DETROIT (AP) -- Rising foreclosures will lead to billions of dollars in lost economic activity next year in the nation's major metropolitan areas, but homeowners and financial institutions have the ability to work together to contain the effects, according to a report compiled for the U.S. Conference of Mayors.
The report was released Tuesday ahead of a meeting of mayors from across the country in Detroit, where they hope to create policy recommendations to help address the nation's housing crisis.
Prepared by forecasting and consulting firm Global Insight, the report said weak residential investment, lower spending and income in the construction industry and curtailed consumer spending because of falling home values will combine to hold back the nation's economic activity.
"The wave of foreclosures that has rippled across the U.S. has already battered some of our largest financial institutions, created ghost towns of once vibrant neighborhoods - and it's not over yet," the report said.
The biggest losses in economic activity are projected for some of the nation's largest metropolitan areas. New York is expected to lose $10.4 billion in economic activity in 2008, followed by Los Angeles at $8.3 billion, Dallas and Washington at $4 billion each, and Chicago at $3.9 billion.
The report estimates U.S. gross domestic product growth in 2008 will be 1.9 percent, coming in about $166 billion - or one percentage point - lower as a result of mortgage problems. GDP is the value of goods and services produced and is considered the best barometer of the country's economic fitness.
The report also projects property values will decline by $1.2 trillion in 2008, due in part to the foreclosure crisis, with drops in home prices across the U.S. averaging 7 percent. And it said the loss of property, sales and real estate transfer taxes will hurt local and state governments.
But homeowners, banks, holders of mortgage-backed securities and loan servicers can work together to ease the economic effects, the report said. Agreeing to new payment terms on some loans, for example, could make the difference between a family keeping a home and losing it in foreclosure.
"Such actions will help to lessen the number of foreclosures thereby avoiding the further negative effects on local housing markets and on the broader economy," according to the report, titled "The Mortgage Crisis: Economic and Fiscal Implications for Metro Areas."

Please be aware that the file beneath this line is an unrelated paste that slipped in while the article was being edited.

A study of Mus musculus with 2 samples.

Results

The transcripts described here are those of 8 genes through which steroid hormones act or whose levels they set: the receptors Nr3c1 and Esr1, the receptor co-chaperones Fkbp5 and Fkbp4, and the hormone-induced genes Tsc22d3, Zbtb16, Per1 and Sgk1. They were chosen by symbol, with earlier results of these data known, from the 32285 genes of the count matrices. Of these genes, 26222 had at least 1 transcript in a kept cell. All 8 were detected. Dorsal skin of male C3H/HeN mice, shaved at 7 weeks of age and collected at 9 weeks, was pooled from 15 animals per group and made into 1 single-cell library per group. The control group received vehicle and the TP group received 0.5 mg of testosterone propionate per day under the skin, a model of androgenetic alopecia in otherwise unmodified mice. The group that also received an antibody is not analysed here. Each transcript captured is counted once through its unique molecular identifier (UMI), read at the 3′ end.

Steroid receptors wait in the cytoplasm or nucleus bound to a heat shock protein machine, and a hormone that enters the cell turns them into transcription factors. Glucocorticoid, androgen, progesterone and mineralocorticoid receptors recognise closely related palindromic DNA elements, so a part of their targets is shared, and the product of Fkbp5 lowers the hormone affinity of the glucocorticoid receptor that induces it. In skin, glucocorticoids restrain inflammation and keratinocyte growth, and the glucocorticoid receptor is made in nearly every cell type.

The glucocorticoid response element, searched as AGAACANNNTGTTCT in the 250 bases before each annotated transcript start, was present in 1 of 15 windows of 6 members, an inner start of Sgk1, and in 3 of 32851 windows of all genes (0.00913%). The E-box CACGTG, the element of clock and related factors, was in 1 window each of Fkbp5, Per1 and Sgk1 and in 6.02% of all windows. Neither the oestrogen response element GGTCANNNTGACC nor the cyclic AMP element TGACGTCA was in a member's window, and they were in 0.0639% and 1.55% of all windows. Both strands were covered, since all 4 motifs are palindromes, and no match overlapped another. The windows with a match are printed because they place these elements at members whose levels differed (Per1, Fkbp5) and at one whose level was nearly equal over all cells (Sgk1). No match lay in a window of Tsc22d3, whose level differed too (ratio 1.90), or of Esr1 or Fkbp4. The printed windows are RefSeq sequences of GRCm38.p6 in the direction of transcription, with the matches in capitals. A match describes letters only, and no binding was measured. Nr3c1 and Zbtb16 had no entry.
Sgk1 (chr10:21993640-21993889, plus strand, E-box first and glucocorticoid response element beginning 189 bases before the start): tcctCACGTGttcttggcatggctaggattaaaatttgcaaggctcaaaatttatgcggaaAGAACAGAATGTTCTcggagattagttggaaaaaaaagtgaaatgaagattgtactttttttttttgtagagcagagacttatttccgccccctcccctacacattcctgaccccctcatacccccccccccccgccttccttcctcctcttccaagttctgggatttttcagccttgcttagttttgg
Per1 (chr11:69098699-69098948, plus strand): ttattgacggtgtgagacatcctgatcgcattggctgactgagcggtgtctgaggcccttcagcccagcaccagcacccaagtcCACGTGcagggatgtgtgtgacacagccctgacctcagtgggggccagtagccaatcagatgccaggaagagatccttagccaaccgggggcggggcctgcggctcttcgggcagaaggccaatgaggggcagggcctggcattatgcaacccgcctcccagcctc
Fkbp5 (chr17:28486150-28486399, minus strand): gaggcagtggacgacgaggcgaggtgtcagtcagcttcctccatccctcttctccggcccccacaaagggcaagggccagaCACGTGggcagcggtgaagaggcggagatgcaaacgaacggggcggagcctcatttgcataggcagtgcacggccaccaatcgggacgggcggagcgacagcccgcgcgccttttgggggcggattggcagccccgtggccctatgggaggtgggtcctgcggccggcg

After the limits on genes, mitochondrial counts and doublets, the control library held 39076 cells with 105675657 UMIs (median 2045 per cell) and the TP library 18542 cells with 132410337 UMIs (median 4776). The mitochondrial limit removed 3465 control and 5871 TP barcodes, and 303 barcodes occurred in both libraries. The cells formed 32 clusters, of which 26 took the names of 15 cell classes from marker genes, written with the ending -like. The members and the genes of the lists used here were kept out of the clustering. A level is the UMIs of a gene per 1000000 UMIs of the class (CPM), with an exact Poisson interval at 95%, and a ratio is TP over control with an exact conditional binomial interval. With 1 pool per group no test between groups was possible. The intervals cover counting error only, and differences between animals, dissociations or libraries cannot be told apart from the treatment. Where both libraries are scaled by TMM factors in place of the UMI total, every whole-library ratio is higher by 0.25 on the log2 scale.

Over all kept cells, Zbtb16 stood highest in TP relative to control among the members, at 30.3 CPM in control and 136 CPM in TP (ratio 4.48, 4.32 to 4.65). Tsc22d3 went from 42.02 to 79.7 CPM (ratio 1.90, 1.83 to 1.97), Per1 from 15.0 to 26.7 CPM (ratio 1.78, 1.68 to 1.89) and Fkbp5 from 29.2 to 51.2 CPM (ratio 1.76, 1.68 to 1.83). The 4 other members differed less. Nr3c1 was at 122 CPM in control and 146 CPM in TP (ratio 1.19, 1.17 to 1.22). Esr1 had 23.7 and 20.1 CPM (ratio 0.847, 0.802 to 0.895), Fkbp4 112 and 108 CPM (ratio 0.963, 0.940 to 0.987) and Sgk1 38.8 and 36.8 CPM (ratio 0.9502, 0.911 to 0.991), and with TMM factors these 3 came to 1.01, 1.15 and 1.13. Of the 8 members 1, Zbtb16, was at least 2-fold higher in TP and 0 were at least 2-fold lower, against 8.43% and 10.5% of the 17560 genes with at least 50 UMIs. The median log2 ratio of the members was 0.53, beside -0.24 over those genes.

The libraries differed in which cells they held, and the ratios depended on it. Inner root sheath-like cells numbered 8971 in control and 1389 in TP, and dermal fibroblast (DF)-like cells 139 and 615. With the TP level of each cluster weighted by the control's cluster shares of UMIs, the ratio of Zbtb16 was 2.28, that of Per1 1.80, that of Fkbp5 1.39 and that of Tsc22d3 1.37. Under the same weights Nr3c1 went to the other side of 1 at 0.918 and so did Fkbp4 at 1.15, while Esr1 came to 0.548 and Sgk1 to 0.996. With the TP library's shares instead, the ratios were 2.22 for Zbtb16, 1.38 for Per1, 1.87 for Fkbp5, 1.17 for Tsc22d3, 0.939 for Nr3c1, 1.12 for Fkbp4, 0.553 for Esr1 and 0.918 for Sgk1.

The National Forum on Homeownership Preservation and Foreclosures, organized by the Conference of Mayors, includes discussions about the state of the mortgage industry, ways homeowners can avoid foreclosure, and strategies to keep foreclosed properties from dragging down the quality of life in neighborhoods.
Recommendations developed at Tuesday's forum, which is closed to the media, are to be presented at a Conference of Mayors meeting in January.
"We're coming to Detroit with a dogged determination to fight for the families in our cities, our cities and the national economy," said Douglas Palmer, mayor of Trenton, N.J., and president of the mayors group. "We're optimistic that we're going to come up with models that will work."
In addition to Palmer and Detroit Mayor Kwame Kilpatrick, who is hosting the gathering, mayors expected to attend include Jerry Abramson from Louisville, Ky.; Michael Coleman from Columbus, Ohio; Richard Kaplan of Lauderhill, Fla.; Brenda Lawrence of Southfield, Mich.; and Elaine Walker of Bowling Green, Ky.
The housing market slump has made it harder for financially strapped home buyers to sell their homes and avoid missing payments or losing their homes in foreclosure. Increasingly, many borrowers who took out adjustable-rate mortgages and other loans with monthly payments that increase after an initial period also are finding they can't afford the higher payments.
Jim Diffley, managing director of Global Insight's regional services group, wrote the report with his team and was to discuss the forecasts during the mayors' meeting. He said the goal was to provide a broad look at the effect of foreclosures, a problem mayors are keenly aware of locally.
"This is not a new issue," Diffley said. "We've know about it. It's been swelling up."